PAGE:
Monroe County wants Georgia Secretary of State Brian Kemp to revisit his border dispute decision that favors Bibb County, arguing Kemp ignored experts, “manifestly abuses his discretion, and exceeds his authority” in the case.
The motion to reconsider was filed Thursday with the Secretary of State, Monroe County Commission Chairman James Vaughn wrote in an e-mailed statement to The Telegraph. Vaughn said commissioners are proceeding “with the hope that our position could be clearly expressed and the Decision reconsidered before this matter escalates further. As you know and as Secretary Kemp has acknowledged, the location of the County Line was not resolved by the Secretary’s earlier determination.”
Vaughn continued, “We do not believe the issue is laid to rest and hope that Secretary Kemp will reconsider his decision before further problems arise from this matter.”
Bibb County Attorney Virgil Adams said he expects the Secretary of State will stand by his decision to reject a survey by Terry Scarborough, which attempted to determine where the line was established in 1822 and amended in 1877.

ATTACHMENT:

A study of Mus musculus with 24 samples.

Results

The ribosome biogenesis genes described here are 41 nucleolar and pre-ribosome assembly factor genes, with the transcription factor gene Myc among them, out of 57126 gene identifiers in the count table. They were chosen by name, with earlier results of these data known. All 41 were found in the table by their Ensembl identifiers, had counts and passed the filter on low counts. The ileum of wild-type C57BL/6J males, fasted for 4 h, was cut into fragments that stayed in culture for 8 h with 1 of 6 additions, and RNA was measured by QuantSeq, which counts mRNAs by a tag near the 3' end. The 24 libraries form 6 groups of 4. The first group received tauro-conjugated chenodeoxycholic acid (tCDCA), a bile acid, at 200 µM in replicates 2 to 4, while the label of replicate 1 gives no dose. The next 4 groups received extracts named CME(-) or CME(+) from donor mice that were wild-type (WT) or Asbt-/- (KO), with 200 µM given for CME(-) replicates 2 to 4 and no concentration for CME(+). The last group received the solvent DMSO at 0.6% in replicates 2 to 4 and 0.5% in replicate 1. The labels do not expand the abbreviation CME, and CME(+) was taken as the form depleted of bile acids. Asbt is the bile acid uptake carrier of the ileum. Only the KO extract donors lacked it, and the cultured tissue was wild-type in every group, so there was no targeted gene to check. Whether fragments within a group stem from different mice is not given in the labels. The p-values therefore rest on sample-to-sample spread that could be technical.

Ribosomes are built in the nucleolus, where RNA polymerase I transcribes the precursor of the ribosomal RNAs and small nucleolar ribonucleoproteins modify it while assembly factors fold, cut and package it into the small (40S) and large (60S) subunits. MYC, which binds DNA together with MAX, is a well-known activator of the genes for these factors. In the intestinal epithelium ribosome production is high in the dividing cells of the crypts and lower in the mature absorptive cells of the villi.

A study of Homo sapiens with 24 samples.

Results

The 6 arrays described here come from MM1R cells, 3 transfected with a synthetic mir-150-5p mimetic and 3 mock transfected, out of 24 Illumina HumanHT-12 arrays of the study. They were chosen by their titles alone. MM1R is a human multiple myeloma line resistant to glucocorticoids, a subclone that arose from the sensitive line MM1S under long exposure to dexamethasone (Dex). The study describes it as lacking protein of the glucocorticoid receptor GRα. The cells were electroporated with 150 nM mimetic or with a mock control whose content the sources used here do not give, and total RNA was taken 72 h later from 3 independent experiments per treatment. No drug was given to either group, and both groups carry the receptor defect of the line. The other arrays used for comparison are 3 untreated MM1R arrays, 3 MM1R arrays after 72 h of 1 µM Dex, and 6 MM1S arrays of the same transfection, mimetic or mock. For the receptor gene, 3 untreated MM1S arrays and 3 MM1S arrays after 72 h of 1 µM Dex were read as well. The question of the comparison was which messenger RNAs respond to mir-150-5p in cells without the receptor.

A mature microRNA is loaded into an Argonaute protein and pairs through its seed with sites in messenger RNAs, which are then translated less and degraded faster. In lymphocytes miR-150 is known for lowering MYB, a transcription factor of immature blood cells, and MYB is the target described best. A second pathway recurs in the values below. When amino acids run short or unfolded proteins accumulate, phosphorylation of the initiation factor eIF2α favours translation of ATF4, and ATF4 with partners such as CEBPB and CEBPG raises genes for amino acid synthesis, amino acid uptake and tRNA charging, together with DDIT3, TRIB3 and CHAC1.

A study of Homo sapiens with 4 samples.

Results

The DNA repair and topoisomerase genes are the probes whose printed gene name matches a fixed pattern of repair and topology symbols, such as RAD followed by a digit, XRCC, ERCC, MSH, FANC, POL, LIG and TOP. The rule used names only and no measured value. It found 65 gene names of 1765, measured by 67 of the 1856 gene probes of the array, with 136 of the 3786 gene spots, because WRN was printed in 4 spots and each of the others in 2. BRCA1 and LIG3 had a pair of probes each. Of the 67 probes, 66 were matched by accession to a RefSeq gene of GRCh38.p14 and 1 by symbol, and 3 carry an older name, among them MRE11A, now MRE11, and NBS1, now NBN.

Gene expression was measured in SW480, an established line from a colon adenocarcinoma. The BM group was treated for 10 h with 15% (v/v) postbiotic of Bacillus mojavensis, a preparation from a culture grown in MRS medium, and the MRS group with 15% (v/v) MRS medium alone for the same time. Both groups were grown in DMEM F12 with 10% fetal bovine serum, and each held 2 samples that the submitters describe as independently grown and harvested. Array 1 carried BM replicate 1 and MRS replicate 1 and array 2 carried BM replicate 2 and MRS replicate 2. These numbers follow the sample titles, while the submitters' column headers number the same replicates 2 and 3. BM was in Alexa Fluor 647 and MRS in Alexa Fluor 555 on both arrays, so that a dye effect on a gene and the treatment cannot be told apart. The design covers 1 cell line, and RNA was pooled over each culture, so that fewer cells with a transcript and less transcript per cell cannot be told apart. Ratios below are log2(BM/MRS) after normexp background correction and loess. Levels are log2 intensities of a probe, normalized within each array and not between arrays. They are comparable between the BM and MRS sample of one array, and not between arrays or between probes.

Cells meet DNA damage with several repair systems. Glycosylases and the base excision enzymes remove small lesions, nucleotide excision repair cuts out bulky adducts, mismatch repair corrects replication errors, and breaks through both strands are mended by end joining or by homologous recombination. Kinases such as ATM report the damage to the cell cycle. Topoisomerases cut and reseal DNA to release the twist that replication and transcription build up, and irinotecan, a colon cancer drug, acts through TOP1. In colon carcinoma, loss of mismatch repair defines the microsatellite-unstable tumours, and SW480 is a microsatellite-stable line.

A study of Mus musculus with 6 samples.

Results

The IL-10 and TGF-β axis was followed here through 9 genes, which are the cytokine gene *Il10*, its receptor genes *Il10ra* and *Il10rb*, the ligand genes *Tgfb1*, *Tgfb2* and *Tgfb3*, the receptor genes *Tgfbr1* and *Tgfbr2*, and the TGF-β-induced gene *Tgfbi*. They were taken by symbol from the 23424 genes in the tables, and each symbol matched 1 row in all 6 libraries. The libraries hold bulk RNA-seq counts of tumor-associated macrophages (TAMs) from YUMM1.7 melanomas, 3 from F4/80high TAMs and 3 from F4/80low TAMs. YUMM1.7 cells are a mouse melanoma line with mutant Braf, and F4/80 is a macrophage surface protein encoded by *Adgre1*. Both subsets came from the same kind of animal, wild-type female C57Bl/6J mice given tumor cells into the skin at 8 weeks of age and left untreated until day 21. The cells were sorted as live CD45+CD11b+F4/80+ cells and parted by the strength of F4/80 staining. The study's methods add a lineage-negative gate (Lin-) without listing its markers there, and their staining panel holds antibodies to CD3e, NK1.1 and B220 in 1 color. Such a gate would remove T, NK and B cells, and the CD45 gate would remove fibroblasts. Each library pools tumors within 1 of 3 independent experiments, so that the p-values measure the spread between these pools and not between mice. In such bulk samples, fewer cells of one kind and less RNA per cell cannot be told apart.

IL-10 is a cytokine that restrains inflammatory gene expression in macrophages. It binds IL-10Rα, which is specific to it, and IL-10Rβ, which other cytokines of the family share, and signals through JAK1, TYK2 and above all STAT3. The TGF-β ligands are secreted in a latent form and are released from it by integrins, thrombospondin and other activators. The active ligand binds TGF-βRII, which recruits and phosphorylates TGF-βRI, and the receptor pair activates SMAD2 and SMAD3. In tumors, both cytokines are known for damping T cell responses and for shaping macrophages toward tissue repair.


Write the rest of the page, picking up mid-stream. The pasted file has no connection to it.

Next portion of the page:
Much of the 36-page motion rehashes familiar ground in the case. Monroe County has argued that expert testimony and historical evidence reviewed by an expert judge proves the Monroe-Bibb county border is farther south than Bibb County claims.
High among the issues is the location of a ferry site -- or ferry sites -- on the Ocmulgee River that establish the eastern corner of the counties. Bibb County acknowledges that Scarborough found a ferry site on the Ocmulgee, but said it wasn’t the correct ferry site from which the county border was drawn.
In the motion, Monroe County’s attorney, Carolyn “Tippi” Burch, argues Kemp incorrectly wanted to be “100 percent” sure of where the line should be. That’s the wrong legal standard, Burch wrote.
Monroe County is now arguing Kemp made many legal and factual errors, saying he “failed to give proper deference to the findings of fact of the appointed fact-finder, applied the wrong burden of proof, improperly excluded from consideration evidence submitted by the Surveyor, exhibited an improper bias against the Governor’s appointed Surveyor, misinterprets the law, (and) ignores or misinterprets critical facts and evidence.”
To contact writer Mike Stucka, call 744-4251.